Kentucky Youth Advocates have released the Kids Count data book for the state. The book “focuses on fifteen indicators of economic well-being and gives a glimpse into the effects of the national recession on children and families in the Commonwealth.”

What does it say?

Eight of the book’s ten indicators measuring children’s receipt of work supports showed an increase in participation since 2000, including the following:

  • Between 2000 and 2009 the number of children receiving Supplemental Nutrition Assistance Program (SNAP, formerly food stamps) benefits increased by 56 percent (over 100,000 children).
  • Participation in the Special Supplemental Program for Women, Infants, and Children (WIC) increased by 24 percent (over 20,000 children) between 2000 and 2009.
  • The percent of children attending public schools eligible for free or reduced-price meals increased from 48 percent to 52 percent between the 1999-2000 and 2009-2010 school years.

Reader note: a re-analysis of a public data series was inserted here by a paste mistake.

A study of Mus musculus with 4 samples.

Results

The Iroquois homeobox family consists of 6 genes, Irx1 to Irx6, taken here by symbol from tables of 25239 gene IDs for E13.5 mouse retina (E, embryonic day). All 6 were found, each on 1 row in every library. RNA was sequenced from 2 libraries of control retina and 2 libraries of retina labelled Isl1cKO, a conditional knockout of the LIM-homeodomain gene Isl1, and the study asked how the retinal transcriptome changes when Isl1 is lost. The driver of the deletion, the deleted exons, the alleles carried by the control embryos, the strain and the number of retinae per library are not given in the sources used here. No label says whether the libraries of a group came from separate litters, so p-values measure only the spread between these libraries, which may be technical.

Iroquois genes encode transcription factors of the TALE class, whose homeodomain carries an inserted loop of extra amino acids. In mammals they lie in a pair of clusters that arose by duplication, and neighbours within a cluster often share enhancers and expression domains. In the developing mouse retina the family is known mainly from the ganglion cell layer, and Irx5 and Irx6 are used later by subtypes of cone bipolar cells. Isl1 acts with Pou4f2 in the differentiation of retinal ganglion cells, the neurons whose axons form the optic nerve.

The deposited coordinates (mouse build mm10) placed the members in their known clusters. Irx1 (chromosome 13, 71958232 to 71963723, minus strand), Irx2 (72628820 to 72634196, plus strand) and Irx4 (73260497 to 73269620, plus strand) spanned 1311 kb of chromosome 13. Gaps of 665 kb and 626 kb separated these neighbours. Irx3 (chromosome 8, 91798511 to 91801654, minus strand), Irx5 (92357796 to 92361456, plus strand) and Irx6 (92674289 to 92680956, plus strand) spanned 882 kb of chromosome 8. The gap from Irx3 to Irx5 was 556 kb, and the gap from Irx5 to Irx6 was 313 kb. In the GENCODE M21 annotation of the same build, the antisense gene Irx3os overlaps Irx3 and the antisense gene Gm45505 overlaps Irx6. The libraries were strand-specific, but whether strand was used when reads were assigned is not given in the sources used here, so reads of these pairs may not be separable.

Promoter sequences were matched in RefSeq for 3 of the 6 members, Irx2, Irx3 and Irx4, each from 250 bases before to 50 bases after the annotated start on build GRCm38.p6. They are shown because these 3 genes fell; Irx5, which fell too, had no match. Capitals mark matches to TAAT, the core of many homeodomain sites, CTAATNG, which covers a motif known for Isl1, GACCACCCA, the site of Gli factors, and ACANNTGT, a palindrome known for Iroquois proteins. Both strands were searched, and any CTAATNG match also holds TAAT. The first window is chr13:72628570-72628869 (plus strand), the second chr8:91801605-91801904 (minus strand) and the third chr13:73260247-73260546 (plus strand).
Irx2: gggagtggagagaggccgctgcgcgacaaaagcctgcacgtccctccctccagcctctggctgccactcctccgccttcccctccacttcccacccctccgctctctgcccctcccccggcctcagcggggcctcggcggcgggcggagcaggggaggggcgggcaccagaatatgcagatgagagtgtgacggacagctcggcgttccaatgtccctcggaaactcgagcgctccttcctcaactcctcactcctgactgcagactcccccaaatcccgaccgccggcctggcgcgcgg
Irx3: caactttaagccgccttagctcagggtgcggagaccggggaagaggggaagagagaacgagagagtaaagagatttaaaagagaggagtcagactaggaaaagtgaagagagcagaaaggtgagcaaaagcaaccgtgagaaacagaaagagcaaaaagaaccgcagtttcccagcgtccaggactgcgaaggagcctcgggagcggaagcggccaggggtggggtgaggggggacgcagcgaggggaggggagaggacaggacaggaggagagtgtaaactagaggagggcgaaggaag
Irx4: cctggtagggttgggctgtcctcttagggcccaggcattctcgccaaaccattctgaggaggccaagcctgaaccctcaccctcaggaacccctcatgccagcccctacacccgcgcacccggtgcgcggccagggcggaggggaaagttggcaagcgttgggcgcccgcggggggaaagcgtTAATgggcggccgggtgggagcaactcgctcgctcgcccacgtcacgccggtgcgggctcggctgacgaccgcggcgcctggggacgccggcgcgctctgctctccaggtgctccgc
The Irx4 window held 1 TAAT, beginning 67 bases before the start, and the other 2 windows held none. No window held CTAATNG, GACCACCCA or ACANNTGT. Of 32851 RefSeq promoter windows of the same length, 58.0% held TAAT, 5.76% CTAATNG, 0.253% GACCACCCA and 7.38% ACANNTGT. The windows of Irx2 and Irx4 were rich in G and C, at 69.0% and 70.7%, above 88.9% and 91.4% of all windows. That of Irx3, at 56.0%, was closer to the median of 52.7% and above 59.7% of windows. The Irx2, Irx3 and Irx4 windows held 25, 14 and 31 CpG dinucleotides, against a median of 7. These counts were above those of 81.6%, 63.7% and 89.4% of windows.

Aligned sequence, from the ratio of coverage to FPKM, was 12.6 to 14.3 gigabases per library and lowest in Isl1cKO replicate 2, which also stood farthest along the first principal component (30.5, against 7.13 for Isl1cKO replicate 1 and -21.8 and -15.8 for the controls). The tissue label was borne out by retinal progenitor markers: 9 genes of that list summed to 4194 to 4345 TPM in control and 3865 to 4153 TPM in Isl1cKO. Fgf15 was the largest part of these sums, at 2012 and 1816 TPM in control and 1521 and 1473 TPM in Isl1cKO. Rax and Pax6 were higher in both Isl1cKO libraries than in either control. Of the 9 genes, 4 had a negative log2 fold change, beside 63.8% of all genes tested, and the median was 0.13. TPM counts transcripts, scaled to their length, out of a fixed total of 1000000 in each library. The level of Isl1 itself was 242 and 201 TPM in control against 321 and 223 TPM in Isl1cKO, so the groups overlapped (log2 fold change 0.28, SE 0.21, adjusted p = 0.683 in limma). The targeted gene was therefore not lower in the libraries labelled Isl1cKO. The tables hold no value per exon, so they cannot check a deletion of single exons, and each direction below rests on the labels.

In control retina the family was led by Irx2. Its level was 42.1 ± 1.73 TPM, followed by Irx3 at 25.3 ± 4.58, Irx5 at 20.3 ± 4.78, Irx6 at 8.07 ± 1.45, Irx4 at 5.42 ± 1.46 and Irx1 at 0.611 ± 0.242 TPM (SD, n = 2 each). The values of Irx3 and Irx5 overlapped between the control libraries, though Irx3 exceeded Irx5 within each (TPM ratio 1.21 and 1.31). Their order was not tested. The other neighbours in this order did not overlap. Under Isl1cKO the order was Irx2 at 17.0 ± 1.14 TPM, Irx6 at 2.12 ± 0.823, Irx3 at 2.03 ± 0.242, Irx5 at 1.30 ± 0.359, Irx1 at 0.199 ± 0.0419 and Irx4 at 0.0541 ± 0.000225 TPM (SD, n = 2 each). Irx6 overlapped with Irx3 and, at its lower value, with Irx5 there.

• In 2009, an average of 60,778 children were enrolled in the Kentucky Children’s Health Insurance Program (KCHIP) each month, up 35 percent from 2000.
  • Medicaid enrollment grew by 47 percent (over 123,000 children) from 2000 to 2009.
  • The number of children receiving Supplemental Security Income (SSI) benefits grew by 31 percent (over 6,900 children) between December 2000 and December 2008.

Despite these increases in receipt of benefits, many children and families in Kentucky are still missing out on work supports they are eligible for due to barriers such as lack of information and a confusing and laborious application process. For instance, estimates suggest that between 15 and 25 percent of Kentuckians eligible for the EITC do not claim it when they file their taxes. And while Kentucky’s participation in SNAP is high, a 2009 study of food bank users found that almost half do not receive SNAP. In addition, only 58 percent of eligible children participated in WIC in 2008.

You can see the book here (PDF).

Previously, the national data book ranked Kentucky 40th in the nation in overall child well-being. WFPL’s State of Affairs recently featured a panel discussion on the report.